When New York Attorney General Letitia James laid out the “staggering fraud” she alleged Donald Trump and his family committed for more than a decade, it illustrated how the former president remains entangled in both civil and criminal probes.
The massive fraud allegations further solidified Trump as perhaps the most controversial president in U.S. history.
“These acts of fraud and misrepresentation were similar in nature, were committed by upper management at the Trump Organization as part of a common endeavor for each annual statement and were approved at the highest levels of the Trump Organization – including by Mr. Trump himself,” James asserted.
She concluded that Trump, his sons Eric and Donald Jr., and daughter, Ivanka, violated numerous state and federal laws.
In addition to seeking the return of $250 million in alleged ill-gotten money from Trump, James wants the family barred from doing business in New York state.
She also wants all banks who do business in the state to cease doing business with Trump. Further, James referred her findings to the U.S. Attorney’s office in New York.
“The ones guilty of doing things are the ones who have the guilt biting their hearts and having their minds cover those traces,” Andre Flynn, the founder of Gadnets.com, said during an earlier interview.
“Trump didn’t mind using his loss card to hide damages his waves of anger caused and to express regret for his game that we were all victims of.”
Former President Remains Subject of Multiple Investigations
In Georgia, Fulton County District Attorney Fani Willis has grilled dozens of individuals in her ongoing investigation into Trump’s role in trying to reverse the 2020 election results in the Peach State.
And following a recent FBI search of his Mar-a-Lago property in Florida, Trump waits anxiously as a federal indictment looms.
In addition, the congressional investigation into the January 6, 2021 attack on the U.S. Capitol now centers on Trump’s role in the riot.
“The walls might be closing in on Trump due to investigations on his legal accountability,” Ryan Yount, the COO of LuckLuckGo, wrote in an email.
“Many believe that he was contesting the 2020 elections to buy himself time in office to evade authorities from questioning his tax fraud allegations,” Yount wrote. “Thanks to prosecutors, his long-lasting battle with authorities might come to an end because of the multiple investigations.”
In the most recent 220-page lawsuit, James alleged that Trump’s annual financial statements were falsified and included records which greatly inflated the family’s wealth and the company’s estimated holdings.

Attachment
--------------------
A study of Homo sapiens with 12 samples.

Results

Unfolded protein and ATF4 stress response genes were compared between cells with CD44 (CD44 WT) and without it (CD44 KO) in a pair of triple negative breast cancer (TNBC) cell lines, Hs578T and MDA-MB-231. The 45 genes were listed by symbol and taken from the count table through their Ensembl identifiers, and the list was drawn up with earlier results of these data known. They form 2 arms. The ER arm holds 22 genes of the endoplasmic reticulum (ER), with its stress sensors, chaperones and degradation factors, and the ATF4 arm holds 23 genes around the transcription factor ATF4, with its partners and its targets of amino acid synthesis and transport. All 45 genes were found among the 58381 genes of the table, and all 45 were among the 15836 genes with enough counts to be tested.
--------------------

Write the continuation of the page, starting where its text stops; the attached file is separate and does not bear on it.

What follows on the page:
She said all his major properties, including the Mar-a-Lago Estate in Florida and Trump Tower in New York, were “wildly inflated.”
“The number of grossly inflated asset values is staggering, affecting most if not all of the real estate holdings in any given year,” James asserted. “[Trump] ignored independent appraisals of their properties and listed them as being worth hundreds of millions more than was reported by those outside assessors.”
James began investigating Trump during his presidency.
The investigation gained momentum after Trump’s attorney, Michael Cohen, told a congressional committee that Trump inflated the value of some of his assets to get loans and insurance. Cohen said Trump undervalued some things to score tax benefits.
The Trump Organization also allegedly engaged in a 15-year tax fraud scheme and faces trial in New York in October. Trump’s CFO Allen Weisselberg has pleaded guilty for his role in the scam and agreed to testify against his boss’ real estate company.
Reportedly, the Trump Organization offered to settle with James to stop the lawsuit but the attorney general said she wasn’t interested in a deal.
CNN reported that the apparent erosion in Trump’s legal position – specifically the Mar-a-Lago investigation where it’s believed he illegally took and mishandled classified documents from his time in the White House – has caused a simultaneous softening of Trump’s support base among senior GOP senators.
Senate GOP Whip John Thune told CNN there’s a process for declassifying documents.
“I think it ought to be adhered to and followed. And I think that should apply to anybody who has access to or deals with classified information,” the South Dakota Republican said.
Sen. Thom Tillis, a Republican from North Carolina who sits on the Senate Judiciary Committee, told CNN that he believes there’s a process that must be followed by a president to declassify the records.
“I believe there’s a formal process that one needs to go through, that needs to be gone through and documented,” Tillis said, according to the network. “And to the extent they were declassified, gone through the process, that’s fine . . . As I understand the executive branch requirements, there is a process that one must go through.”
Finally, Sen. Mike Rounds, a South Dakota Republican who sits on the Senate Armed Services Committee, called the handling of classified documents a “very serious” issue.
“People can get hurt, people can get killed if it’s not stored correctly and if that information gets out,” Rounds told CNN.